This post is also available in: heעברית (Hebrew)

“Smart guns” have entered the national conversation in the US following President Barack Obama’s plea to end the rampant gun violence plaguing the nation.They are supposed to make gun ownership and use safer, and prevent injuries and deaths. But what are smart guns? Knowledge of what are the underlying technologies, their uses and applications, is often missing from the discussion. While personalised weapons technology can definitely increase gun safety, decrease death and injuries, there are no fool-proof and all encompassing solutions.

The idea of “smart guns” finds its origins in a 1995 US National Institute of Justice (NIJ) study that recommended a technological solution to reducing the prevalence of incidents where police officers were killed by assailants grabbing their weapons. Recently, Obama’s appeal mentioned specific recommendations on federal actions aimed at promoting the development of advanced gun-safety systems. The term “smart gun” has become a catchall for a number of technologies, which we’ll look at here.

The first type of solution are proximity sensors. This class of technologies is designed with the need to protect officers whose guns have been taken off them in mind. The basic conception employs a Radio Frequency Identification (RFID) tag worn by the user, and an RFID sensor in the gun itself. The system works by sensing the proximity of an authorised RFID chip. If it’s not present, locking mechanisms prevent the gun from firing. Gun prototypes with RFID firing prevention mechanisms were demonstrated as far back as 1996.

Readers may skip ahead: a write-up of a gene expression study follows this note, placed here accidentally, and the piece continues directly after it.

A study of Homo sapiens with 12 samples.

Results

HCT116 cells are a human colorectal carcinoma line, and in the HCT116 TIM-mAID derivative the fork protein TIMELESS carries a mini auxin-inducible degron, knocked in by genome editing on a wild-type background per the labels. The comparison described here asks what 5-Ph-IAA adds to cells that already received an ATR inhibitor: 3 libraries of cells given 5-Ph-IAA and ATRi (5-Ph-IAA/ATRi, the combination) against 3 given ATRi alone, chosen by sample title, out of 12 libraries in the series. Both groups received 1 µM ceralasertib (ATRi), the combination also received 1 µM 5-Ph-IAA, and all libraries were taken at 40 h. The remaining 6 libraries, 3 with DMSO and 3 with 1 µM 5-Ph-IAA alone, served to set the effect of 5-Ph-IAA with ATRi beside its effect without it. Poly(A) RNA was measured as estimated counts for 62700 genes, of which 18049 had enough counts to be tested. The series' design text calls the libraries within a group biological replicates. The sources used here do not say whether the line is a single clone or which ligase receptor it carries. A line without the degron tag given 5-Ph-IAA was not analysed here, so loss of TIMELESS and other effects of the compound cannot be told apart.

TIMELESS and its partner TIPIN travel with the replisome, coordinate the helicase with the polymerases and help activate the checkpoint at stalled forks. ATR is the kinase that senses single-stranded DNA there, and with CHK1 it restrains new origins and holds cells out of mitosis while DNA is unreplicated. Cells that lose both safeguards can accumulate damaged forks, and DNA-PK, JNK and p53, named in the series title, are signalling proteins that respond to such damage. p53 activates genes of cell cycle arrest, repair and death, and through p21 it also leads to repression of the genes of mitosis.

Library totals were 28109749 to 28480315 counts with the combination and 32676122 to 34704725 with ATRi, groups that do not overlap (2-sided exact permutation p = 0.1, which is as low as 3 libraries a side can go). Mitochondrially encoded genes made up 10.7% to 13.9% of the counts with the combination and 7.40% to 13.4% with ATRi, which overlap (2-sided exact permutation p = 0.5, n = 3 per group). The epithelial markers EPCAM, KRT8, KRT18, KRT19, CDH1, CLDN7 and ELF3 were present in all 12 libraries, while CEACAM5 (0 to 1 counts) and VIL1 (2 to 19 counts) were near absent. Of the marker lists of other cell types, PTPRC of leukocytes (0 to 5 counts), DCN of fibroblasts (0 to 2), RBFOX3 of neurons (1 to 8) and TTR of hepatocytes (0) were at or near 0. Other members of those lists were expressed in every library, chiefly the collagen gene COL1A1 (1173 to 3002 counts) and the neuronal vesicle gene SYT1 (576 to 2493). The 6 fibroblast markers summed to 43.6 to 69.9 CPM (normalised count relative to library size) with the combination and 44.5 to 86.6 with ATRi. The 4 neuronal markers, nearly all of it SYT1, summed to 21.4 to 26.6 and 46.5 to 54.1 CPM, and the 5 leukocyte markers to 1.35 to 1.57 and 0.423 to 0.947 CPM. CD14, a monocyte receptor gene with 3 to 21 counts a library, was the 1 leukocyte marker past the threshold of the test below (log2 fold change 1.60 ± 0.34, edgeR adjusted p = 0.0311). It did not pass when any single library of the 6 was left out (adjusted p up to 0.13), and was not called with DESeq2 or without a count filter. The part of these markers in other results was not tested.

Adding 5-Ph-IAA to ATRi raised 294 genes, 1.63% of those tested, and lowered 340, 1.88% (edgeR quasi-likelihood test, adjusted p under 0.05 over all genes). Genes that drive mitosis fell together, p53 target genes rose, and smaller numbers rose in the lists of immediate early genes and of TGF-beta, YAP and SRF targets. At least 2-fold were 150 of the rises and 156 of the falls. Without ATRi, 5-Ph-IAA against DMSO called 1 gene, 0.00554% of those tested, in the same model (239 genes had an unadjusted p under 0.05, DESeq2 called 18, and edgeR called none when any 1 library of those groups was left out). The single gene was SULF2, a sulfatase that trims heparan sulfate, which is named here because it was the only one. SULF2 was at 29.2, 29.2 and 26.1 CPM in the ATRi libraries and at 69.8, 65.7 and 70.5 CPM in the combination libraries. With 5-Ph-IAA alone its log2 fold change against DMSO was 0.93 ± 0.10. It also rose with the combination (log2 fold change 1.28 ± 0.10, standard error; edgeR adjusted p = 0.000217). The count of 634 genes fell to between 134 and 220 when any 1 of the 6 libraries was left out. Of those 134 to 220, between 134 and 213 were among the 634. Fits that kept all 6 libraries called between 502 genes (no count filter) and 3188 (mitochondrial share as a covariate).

Proximity of the RFID tag to the sensor is of course not a sure-fire method of determining whether a gun is is held by its rightful owner, but the simplicity of use often outweighs the limitations. Moreover, as RFID tags can be easily reproduced, this method doesn’t ensure that only a particular user can fire a gun. Rather, that only a user with an appropriate identification tag can. This allows for easy weapons exchange between permitted users, such as partners on patrol.

The other prominent method of ensuring a gun only fires in the right hands is based on biometrics. While easy weapons exchange out in the field allows for great flexibility, it can turn into a disadvantage in the home, where any member of a household could get their hands on the RFID chip. Biometrics systems rely on on unique, measurable physical characteristics to prevent the misuse of a firearm.

The most common method of biometric identification currently relies on fingerprints, with capacitance imaging sensors being prevalent. They measure the variations in the distances between the grooves and ridges of the fingerprint. Other methods rely on infrared (thermal) imaging, and pressure detection.  These methods all have their own drawbacks. Capacitance sensors, for example, work unreliably when the fingers are moist, while infrared sensors are affected by simply having cold fingers.

Other types of biometric identification mechanisms being explored include vascular biometrics that rely on subcutaneous blood vessel structure, and dynamic – or behavioural – biometrics. These include generally voice or electronic signature recognition. For firearms, researchers at the New Jersey Institute of Technology have developed a system called Dynamic Grip Recognition. It’s based on demonstrable changes over time in the pressure pattern created on the grip of a handgun that are individual to the user.

Over the last two decades advancements in two fields have made “smart guns” a reality. Advances in microprocessing – both processing power and ruggedness – have made increasingly more sophisticated systems possible. On the other hand, sensor reliability has also dramatically increased. The major hurdle to overcome now is a cultural one. With the public being more understanding of the need to ensure firearms are used in the right hands, it too might be overcome soon enough.